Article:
SNOWED IN: A Bostonian braving the chill on Saturday. One of the coldest Arctic outbreaks in the past two decades is set to plunge the Midwest close to record lows. PHOTO: AFP


    Jan 06, 2014

    US winter storm could hit record lows


    THE United States authorities warned residents to stay indoors and stock up on food after a fierce winter storm killed at least 11 people, with forecasters saying on Saturday that the Arctic blast could hit record lows.

    A state of emergency was declared in New York and New Jersey after heavy snow fell on Thursday, and there was no sign of respite from the brutal chill that has struck since the start of the year in parts of the north-eastern US and Canada.

    One of the coldest Arctic outbreaks in the past two decades is now set to plunge the Midwest close to record lows, weather forecasters said, predicting Chicago could see some of its coldest weather on Monday, with temperatures hovering around minus 23 deg C.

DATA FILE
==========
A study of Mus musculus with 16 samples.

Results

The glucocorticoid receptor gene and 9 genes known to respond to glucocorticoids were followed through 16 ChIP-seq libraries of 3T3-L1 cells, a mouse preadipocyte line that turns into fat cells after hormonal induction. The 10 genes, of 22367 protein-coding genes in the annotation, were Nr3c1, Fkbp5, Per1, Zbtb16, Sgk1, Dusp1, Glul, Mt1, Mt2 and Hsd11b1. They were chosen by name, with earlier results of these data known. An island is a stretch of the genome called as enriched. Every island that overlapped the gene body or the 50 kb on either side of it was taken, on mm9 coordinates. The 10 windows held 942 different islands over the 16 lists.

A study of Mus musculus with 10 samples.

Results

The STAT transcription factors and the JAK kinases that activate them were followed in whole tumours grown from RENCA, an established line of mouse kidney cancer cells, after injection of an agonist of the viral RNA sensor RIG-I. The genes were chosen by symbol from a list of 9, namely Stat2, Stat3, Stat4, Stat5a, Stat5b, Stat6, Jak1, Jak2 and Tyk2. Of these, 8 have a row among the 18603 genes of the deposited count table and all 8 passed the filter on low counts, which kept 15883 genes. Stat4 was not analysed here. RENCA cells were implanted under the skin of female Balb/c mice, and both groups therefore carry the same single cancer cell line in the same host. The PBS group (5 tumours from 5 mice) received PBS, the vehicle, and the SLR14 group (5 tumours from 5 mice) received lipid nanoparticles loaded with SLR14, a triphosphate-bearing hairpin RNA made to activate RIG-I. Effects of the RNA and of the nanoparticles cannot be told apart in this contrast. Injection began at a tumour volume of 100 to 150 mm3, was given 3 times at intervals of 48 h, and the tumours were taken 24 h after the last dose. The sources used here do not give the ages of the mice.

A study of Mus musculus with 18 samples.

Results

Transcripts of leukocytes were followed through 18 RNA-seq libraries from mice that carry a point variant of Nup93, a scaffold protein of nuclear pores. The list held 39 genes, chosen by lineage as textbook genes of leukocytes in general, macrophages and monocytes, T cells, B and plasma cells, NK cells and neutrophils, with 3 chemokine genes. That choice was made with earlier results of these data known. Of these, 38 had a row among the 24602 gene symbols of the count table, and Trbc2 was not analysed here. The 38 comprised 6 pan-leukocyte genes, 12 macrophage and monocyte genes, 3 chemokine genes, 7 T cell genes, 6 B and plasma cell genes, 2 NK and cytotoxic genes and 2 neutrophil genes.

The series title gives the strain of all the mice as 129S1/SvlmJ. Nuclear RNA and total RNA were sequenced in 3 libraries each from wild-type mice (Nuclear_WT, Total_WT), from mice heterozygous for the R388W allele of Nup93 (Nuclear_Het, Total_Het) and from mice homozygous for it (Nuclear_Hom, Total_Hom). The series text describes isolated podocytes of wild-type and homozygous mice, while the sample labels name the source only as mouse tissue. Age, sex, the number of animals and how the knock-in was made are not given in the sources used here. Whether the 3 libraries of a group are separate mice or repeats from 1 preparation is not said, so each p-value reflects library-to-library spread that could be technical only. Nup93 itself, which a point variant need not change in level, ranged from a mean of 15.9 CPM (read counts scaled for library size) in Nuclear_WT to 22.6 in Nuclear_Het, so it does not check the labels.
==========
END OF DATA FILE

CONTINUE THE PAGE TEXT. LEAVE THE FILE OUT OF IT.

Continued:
Gusty winds could bring what forecasters at the National Weather Service called "very dangerous levels" of wind chill.

    "Incredibly, it may feel as cold as minus 46 deg C to minus 51 deg C on Sunday night over sections of the north-central states, with the frigid air remaining in place into early next week," they said.

    In such conditions, exposed skin would suffer frostbite in as little as five minutes, the forecasters cautioned.

    The authorities have urged people in the worst-hit areas to spend the first weekend of the new year indoors for their own safety and to allow rescue and clean-up teams to get to work as quickly as possible.

    In Minnesota, Governor Mark Dayton has already announced that schools will be closed today "to protect all our children from the dangerously cold temperatures", in a statement urging caution.

    The storm has been the first big test for New York City's new mayor, Mr Bill de Blasio, who took up his job on Wednesday.

    "If you want safe, clear streets, stay home," he said on Friday.

    Thousands of domestic and international flights have been cancelled or delayed in several US cities - including at New York's John F. Kennedy Airport and in Chicago, Boston and Philadelphia - while thousands of miles of traffic were also snarled up.